Shale gas

Hello everyone, sorry its been a while since my last post. I’m sure my readers have been just bored senseless waiting for more news from Planet Renewable-both of you!

Anyway, I’ve been hearing a lot of talk of fracking, shale gas and whether this will result in the abortion of the budding renewable energy industry. So as usual, I’m going to throw in my two pennies worth for you to consider.

Energy extracted from shale is no new thing. In fact, shale was the first commercial source of oil and it was huge business up until about 1900. Little historical fact-did you know that the first commercial oil refinery was not in the Middle East or in America but in…Bathgate, West Lothian. The large shale and coal deposits there meant it was the perfect place for James ‘Paraffin’ Young’s famous plant (the fact it was his home town also probably helped). In fact, if you drive out of Edinburgh on the M9 and look to your left you will see what like two red man made hills. These are shale bings-the dumping ground for used shale, now used largely as a semi-legal motorbike rally park.

The commercial success of the process of fracking to uncover large shale reserves in America has led many to think that this is the answer to the UK’s energy prayers. We have under our feet almost as much shale as we do coal. It is estimated by some that if we can use the American techniques to extract gas from this shale then we have enough energy for our needs for around 80 years. This, say some, spells the end for renewable energy before it has even got going. Why would we want to rely on an unpredictable and expensive energy resource when we’ve got loads of lovely shale just waiting to be set alight to keep our cars running and homes cosy?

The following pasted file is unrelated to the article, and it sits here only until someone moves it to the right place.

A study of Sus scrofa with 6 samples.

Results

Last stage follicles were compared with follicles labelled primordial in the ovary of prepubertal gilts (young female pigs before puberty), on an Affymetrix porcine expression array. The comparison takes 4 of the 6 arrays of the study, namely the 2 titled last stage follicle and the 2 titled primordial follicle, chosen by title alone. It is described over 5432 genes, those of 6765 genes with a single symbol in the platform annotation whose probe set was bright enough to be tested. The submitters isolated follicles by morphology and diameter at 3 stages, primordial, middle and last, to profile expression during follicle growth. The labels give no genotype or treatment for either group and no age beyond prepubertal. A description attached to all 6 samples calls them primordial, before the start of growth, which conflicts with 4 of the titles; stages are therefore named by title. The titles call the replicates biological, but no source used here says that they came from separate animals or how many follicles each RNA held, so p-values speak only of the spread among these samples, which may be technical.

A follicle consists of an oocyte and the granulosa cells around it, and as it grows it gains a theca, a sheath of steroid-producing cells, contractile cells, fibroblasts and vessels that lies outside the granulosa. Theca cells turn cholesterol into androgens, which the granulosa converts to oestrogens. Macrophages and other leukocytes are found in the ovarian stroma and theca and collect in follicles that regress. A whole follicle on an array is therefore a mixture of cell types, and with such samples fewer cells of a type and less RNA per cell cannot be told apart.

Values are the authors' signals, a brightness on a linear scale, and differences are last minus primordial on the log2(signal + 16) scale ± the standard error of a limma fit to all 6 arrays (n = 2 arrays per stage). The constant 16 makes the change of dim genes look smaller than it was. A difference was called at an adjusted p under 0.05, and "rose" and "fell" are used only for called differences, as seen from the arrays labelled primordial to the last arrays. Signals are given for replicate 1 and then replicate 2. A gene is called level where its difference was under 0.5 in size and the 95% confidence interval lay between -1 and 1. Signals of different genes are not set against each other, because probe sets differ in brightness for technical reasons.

There are several reasons. First of all, even if shale is as reliable a producer of gas as its supporters suggest, there is still only a finite amount of it. In the grand scheme of things, 80 years is not a long time. It will probably see me into the next world, but not by that much. What do we think will happen in 80 year’s time? Will the world’s energy use have magically disappeared and we can all happily live in caves with no warmth or light? I don’t think so. If shale gas can be used safely and cleanly all the better but let’s not kid ourselves that this solves the long-term problem with energy supply. The only energy sources which can be constantly renewed are those supplied by nature-wind, wave, tidal, solar and geothermal. These technologies still require loads more investment and research and it would just be idiotic to put all that on the backburner because we may have a temporary stopgap.

Secondly, there are big question marks over the technique in extracting this deep lying shale. The process of fracking involves high intensity sand and water blasting. This has potentially harmful effects on the structural integrity of the very ground we walk on i.e. causing earthquakes. Also, the technique could well pollute the water table, leaving us dirty drinking water. As with renewable energy though, there is still plenty of work to be done to come up with better systems. I am sure as the industry matures that more efficient techniques will be invented.

Thirdly, this does not solve the climate issues. Climate change is potentially the key issue that the world is facing at the moment. Burning shale may not be as dirty as burning coal, but it is still releasing carbon dioxide into the environment and this must be reduced.

Shale gas? There are issues with it, but I think it could well have a role to play. Don’t kid/concern (delete as appropriate) yourself that this is the end for renewable energy though. If we are silly, it could mean a temporary reprieve. If we have any sense, we keep going. One thing is for sure: long-term, we will need it.